OutKast's 'Idlewild' is sadly out of step
Duo's talent lost in shuffle of this jumbled musical
The big show-stopping number in ``Idlewild," OutKast's eagerly awaited musical escapade, is a brightly lit throwback to a sequence from an old Busby Berkeley picture. The film is set in 1935, and Andre ``Andre 3000" Benjamin glides around a large shiny set full of jiggling female dancers. He sings and tap dances.
The camerawork is steady, the editing patient, the choreography playful. It's a zippy and inspired piece of moviemaking. But there's one problem. It's playing under the closing credits.
After the nearly two hours that precede it, that sequence feels like a glamorous dream, one that ``Idlewild" should have been 100-odd minutes earlier. Instead, it's a sludgy, badly photographed, poorly edited bungle whose musical numbers never pop.
Neither do its two stars, Benjamin and his artistic partner, Antwan ``Big Boi" Patton. They play musicians in a Georgia speakeasy called Church, and, as on their best-selling double-CD, 2003's ``Speakerboxxx/The Love Below," the duo spends very little time together.
Percival (Benjamin) is a mortician's son whose true passion is songwriting. He lives with his daddy in a bedroom with a wall covered in cuckoo clocks. Percival plays piano in Church's house band and starts a thing with the just-arrived beauty who calls herself a singer. She's played by Paula Patton, a woman whose skin is the color of café au lait and whose acting is decaf Beyoncé.
While these two spend the entire movie gearing up for her big number (not a showstopper, mind you -- at least, not in a good way), Rooster (Big Boi ) is trying to keep a slick gangster (Terrence Howard) from taking the nightclub's profits. Rooster is also trying to keep his fed-up wife (Malinda Williams) from taking their five kids and moving in with her momma. (Rooster, like all Roosters before him, drinks, cheats, and struts around in flashy suits.)
Written and directed by music-video maker Bryan Barber, the film is a disappointing collision of Eddie Murphy's ``Harlem Nights" and Baz Luhrmann's ``Moulin Rouge." That's too bad, since the movie ``Idlewild" sporadically evokes, with its fierce cast and would-be jumping musical sequences, is Vincente Minnelli's ``Cabin in the Sky."
Instead, a lot of wasted talent washes up. In addition to Howard, who spends what feels like his first 20 minutes standing in silence behind Ving Rhames, the cast includes Ben Vereen, Patti LaBelle, Paula Jai Parker (as enjoyably uncouth as ever), and Cicely Tyson, who steals her second movie this year. (Perhaps you caught her porch sermon in ``Madea's Family Reunion.") Honestly, though, nobody in this movie out performs his hair. In a Hollywood first, there are enough marcelled waves, perms, S-curls, weaves, wigs, and blow-outs to constitute a black-hair convention.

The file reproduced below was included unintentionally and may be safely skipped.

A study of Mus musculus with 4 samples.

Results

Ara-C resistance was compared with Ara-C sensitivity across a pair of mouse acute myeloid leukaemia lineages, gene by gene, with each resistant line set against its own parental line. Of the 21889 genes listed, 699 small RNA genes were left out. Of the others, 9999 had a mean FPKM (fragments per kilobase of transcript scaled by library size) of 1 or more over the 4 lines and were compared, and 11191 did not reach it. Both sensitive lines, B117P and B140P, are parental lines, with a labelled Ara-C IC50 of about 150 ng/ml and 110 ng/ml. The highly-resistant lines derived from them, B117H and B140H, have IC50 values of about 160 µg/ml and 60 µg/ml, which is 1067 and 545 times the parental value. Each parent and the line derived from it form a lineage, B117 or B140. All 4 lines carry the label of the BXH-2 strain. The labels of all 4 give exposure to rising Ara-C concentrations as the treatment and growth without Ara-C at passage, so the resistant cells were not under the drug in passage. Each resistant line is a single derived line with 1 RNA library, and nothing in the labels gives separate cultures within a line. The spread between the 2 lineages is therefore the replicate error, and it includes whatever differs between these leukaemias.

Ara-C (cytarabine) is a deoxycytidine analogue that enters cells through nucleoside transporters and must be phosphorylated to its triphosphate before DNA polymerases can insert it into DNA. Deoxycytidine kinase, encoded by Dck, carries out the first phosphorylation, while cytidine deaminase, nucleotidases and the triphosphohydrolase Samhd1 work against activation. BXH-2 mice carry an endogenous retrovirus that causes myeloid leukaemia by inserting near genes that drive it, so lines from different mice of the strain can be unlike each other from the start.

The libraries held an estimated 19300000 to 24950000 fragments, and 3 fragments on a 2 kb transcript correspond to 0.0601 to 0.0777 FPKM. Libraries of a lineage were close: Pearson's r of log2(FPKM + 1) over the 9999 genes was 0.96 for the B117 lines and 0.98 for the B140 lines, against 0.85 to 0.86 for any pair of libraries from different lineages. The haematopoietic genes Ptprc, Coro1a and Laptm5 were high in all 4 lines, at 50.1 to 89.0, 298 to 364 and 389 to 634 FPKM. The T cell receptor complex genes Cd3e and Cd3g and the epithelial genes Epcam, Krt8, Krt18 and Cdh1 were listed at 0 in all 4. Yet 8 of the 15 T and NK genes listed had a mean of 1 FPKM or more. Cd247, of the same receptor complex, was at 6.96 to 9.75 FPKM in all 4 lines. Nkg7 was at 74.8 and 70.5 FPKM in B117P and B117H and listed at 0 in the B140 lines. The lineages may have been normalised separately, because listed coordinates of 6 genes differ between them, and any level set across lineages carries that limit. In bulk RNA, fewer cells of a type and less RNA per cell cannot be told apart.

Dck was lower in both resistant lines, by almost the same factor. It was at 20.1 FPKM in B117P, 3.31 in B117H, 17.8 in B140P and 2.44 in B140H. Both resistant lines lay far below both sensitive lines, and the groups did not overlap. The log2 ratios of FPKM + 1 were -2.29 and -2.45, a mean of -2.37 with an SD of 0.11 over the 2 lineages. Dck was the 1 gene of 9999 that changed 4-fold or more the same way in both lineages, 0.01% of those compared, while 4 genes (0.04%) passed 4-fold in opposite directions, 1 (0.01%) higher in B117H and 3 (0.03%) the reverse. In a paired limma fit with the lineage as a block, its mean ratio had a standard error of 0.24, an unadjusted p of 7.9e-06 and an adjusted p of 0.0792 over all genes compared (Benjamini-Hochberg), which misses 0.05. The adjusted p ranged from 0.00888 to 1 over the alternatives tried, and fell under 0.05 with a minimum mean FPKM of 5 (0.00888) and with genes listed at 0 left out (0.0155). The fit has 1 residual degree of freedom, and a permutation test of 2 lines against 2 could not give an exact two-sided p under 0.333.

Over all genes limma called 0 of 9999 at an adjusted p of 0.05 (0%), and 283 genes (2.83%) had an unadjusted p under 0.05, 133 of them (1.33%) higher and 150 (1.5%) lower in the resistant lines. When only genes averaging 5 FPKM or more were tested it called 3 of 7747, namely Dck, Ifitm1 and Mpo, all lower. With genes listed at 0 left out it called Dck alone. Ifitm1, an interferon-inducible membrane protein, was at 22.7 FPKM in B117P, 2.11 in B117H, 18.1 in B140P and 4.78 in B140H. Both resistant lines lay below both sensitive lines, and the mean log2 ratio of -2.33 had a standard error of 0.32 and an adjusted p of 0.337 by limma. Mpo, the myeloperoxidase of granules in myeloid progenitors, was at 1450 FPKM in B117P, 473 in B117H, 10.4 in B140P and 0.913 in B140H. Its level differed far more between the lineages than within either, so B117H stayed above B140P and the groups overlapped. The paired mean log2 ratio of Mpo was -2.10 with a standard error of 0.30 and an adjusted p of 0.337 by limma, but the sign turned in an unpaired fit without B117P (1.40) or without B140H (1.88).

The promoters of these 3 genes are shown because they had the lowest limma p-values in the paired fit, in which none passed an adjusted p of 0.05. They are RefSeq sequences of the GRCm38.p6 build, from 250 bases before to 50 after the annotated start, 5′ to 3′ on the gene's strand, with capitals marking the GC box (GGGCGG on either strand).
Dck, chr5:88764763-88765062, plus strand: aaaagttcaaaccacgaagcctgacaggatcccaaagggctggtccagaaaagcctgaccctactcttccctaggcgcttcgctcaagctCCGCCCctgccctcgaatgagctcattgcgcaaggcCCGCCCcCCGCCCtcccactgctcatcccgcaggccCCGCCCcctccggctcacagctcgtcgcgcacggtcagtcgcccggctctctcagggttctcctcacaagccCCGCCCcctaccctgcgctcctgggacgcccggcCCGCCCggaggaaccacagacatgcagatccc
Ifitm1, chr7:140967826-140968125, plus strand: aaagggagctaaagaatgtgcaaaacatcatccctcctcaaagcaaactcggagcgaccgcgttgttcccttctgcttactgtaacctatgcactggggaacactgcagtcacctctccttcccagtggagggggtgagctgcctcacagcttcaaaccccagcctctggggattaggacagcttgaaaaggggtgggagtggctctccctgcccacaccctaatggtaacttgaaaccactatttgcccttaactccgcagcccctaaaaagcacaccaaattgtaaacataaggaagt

You wish the best for OutKast onscreen, because musically they've been so good to us for the past 10 years. But neither their songs nor their personalities come to life here. Big Boi at least makes something cool out of his limited emotional range. Benjamin, meanwhile, is often caught looking gravely serious, the way Prince did in ``Purple Rain," a movie it hurts to mention under these circumstances. What Prince lacked in screen presence (he had almost none), he made up for in electric stage appeal. ``Idlewild," meanwhile, is not OutKast at its musical best.
The songs are taken predominately from ``Speakerboxxx/The Love Below," but they're not ones around which you build a musical. The duo released a n ``Idlewild" soundtrack album this week, but little of that new music is featured prominently in the production numbers, all of which Broadway veteran Hinton Battle has choreographed with moxie. Too bad the movie is so over-edited that it's tough to appreciate his work.
In fact, sometimes it's hard to figure out what's happening at all. At some point, Big Boi is making a fast getaway in a speeding car. As he drives, it looks like he's singing the song ``Church," but the camera and cutting can't keep still long enough to prove it. Musicals in the 1970s had a similar on-the-run style, but the best of them knew when to stop and let a sequence envelop you.
In his music-video work, Barber is rarely this careless. True, his videos also suffer from too much cutting, but they're tight and fun confections.
One of his best happens to be for OutKast. ``Hey Ya!" was a manic ``Ed Sullivan Show" tribute, with Benjamin cloned into a Sly and the Family Stone-style band playing on a toothsome spearmint-colored soundstage.
LISTEN TO THE ``IDLEWILD" SOUNDTRACK Check out audio clips at www.boston.com/clips.
In that video, the girls in the audience have hilarious nervous breakdowns watching Benjamin, who's utterly alive and sexy. Those same girls would be scratching their heads over ``Idlewild." Barber and OutKast haven't found a way to harness their natural wit and energy into a feature-length production. But that glorious closing-credits sequence suggests they shouldn't stop trying.
Wesley Morris can be reached at firstname.lastname@example.org.